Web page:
As a professor I spend a fair amount of time wrangling with references. Because it’s free and reasonably simple, I use BibTeX: an add-on tool for LaTeX that automates the construction of a bibliography by pulling references out of a separate text file, assigning them numbers (or other identifiers), and formatting the entries appropriately.
BibTeX entries are widely available on the web. In principle this is great, but in practice the quality of downloadable BibTeX entries is poor: they contain so many typos, omissions, misclassifications, and other problems that I no longer download them, but rather create a new entry from scratch, perhaps using the existing entry as a rough specification. Even BibTeX entries from the ACM’s Digital Library — a for-pay service provided by the premier professional society for computer science — are not directly usable, basically every one of them requires editing. Over time I’ve come to more and more blame BibTeX for these problems, rather than blaming the people creating the entries. Here are the design points I’d like to see in a bibliography system.
Style neutrality: A bibliography entry should be a collection of factual information about a document. The “bibliography style” — a collection of formatting guidelines specific to a particular journal or similar — should be a separate concern. BibTeX does support bibliography styles but the implementation is incomplete, forcing entries to be tweaked when the style is changed.
Minimal redundancy: Any large BibTeX file contains a substantial amount of redundancy, because BibTeX poorly supports the kind of abstraction that would permit, for example, the common parts of two papers appearing at the same conference to be factored out. Duplication is bad because it consumes time and also makes it basically impossible to avoid inconsistencies.
Standalone entries: I should be able to download a bibliography entry from the net and use it right away. This goal is met by BibTeX but only at the expense of massive redundancy. Meeting both goals at the same time may be tricky. One solution would be to follow an entry’s dependency chain when exporting it, in order to rip a minimal, self-sufficient collection of information out of the database. This seems awkward. A better answer is probably to rely on conventions: if there is a globally recognized name for each conference and journal, a self-sufficient entry can simply refer to it.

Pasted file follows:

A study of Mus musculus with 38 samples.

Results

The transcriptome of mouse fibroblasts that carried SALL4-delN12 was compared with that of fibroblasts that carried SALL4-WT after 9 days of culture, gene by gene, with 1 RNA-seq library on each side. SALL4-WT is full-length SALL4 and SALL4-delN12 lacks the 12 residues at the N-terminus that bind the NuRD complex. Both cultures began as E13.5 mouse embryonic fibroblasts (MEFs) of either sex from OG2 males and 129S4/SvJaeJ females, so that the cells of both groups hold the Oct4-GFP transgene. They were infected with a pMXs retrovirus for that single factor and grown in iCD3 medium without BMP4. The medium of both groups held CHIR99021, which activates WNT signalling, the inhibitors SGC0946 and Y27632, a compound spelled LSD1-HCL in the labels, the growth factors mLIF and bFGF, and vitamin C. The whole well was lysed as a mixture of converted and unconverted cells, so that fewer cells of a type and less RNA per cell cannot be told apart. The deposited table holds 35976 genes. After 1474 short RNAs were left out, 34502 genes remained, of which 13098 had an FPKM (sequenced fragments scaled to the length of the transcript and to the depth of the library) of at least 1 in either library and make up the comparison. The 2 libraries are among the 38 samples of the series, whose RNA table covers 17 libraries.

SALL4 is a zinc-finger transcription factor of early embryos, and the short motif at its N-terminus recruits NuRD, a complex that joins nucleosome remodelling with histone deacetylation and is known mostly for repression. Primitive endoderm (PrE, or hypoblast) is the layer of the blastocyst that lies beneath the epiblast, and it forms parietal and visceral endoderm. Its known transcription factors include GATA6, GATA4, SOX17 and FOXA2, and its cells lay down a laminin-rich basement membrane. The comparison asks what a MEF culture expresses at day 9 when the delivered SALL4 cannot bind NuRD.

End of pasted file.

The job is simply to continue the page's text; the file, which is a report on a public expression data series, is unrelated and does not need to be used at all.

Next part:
Plain-text entries: Putting the bibliography in XML or some random binary format isn’t acceptable; the text-only database format is one of the good things about BibTeX.
Network friendliness: It should be easy to grab bibliography entries from well-known sources on the network, such as arXiv. Assuming that the problem of these entries sucking can be solved, I should not even need a local bibliography file at all.
User friendliness: BibTeX suffers from weak error checking (solved somewhat by add-on tools like bibclean) and formatting difficulties. For example, BibTeX’s propensity for taking capitalized letters from the bib entry and making them lowercase in the output causes numerous bibliographies I read to contain proper nouns that are not capitalized. Messing with BibTeX styles is quite painful.
BibTeX is a decent tool, it just hasn’t aged or scaled well. CrossTeX and BibLaTeX sound nice and solve some of the problems I’ve mentioned here. However, since I have about 37,000 lines of BibTeX sitting around, I’m not interested in migrating to a new system until a clear winner emerges.